Progressivism never sounded so good
The Coathangers are back with The Devil You Know, a cathartic garage rock record that is nothing short of a glorious gut-punch to the establishment. The Atlanta all-female power trio’s music is as unapologetic as ever in their sixth studio album which takes the listener on an enjoyably turbulent ride through today’s most prominent issues.
The album’s seventh track, “F the NRA,” features, amidst the crunchy power chords and hard-edged drums, compelling lyrics such as “Yeah you’re talking freedom, yeah you’re talking rights, while you keep your eye on your bank accounts” and then, of course, the anthemic chorus which bears the title of the song explicitly. In “Hey Buddy,” Meredith Franco (Minnie Coathanger) lures you with a slithering bass line into a track whose verses, sung by Stephanie Luke (Rusty Coathanger), are relevant to the current political climate and showcase the band’s dynamic style.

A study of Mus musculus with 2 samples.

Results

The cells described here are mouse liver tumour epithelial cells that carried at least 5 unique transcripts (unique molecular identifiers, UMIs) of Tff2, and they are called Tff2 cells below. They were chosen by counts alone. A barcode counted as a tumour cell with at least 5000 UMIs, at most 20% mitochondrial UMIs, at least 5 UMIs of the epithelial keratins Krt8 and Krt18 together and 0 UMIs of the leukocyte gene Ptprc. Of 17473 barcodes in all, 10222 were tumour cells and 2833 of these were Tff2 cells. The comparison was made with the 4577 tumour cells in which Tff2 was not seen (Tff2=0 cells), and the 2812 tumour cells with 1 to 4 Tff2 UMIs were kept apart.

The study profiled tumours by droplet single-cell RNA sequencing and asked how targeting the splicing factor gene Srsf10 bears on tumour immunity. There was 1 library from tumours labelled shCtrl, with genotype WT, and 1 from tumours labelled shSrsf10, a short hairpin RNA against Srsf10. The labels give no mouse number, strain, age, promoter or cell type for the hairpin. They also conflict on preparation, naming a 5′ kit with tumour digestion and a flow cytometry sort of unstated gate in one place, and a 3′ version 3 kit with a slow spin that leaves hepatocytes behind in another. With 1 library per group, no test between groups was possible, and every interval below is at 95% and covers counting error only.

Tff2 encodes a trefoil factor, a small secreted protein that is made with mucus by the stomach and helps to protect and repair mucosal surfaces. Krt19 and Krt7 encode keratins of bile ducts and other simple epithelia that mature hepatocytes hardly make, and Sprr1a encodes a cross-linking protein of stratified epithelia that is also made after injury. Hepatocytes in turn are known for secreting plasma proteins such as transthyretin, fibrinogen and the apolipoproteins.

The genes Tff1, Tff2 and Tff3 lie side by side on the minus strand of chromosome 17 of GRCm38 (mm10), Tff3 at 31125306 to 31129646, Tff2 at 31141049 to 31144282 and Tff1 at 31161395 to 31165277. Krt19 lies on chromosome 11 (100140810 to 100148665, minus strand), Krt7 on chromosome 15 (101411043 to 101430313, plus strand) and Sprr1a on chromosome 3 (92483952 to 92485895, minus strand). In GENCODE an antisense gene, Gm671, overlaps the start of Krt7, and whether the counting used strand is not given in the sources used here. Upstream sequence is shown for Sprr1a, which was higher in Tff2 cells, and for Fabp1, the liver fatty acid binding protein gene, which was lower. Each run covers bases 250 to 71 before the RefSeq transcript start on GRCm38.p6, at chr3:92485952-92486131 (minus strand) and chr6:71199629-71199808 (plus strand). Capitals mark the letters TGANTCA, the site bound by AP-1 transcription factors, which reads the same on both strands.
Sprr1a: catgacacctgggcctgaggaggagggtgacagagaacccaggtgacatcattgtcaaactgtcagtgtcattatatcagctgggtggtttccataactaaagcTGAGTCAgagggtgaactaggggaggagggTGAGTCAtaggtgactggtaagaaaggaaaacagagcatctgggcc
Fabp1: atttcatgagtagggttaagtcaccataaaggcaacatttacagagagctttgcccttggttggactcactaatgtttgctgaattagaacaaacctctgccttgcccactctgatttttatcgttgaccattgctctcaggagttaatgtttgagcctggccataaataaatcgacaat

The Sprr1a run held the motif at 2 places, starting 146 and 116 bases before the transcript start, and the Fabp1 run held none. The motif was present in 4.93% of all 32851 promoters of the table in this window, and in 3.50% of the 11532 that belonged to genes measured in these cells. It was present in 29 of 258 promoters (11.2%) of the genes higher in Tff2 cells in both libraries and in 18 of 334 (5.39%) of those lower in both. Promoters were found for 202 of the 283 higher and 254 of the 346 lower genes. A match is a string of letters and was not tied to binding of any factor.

The music across the record is a perfect blend of indie undertones and choruses reminiscent of the brilliance of the Riot Grrrl movement of the early ‘90s. Songs like “Stasher” and “Last Call” feature the unyielding energy of bands like Bratmobile and Huggy Bear while the opening track “Bimbo” is pure light-hearted fun that explodes into fuzz riffs and killer drum fills. The endeavor was long in the works as the group took a significant part of 2018 off and now returns with a perspective that is a blend of the old and the new.
In the album’s final track, “Lithium,” guitarist Julia Kugel-Montoya (Crook Kid Coathanger) sings a disturbing ode to the chemical element which is widely used today to treat major depressive disorders. Perhaps this offbeat final track, and the album collectively, is a reminder to the progressive movements of today’s youth—that forge ahead with fierce strength and then dwindle in depressive states—to pick themselves up and continue to fight the good fight.
The Coathangers have succeeded in creating an album that musically preserves their untamed spirit while showing a new side of themselves to the world. Overall, The Devil You Know contains fantastic music and important messages.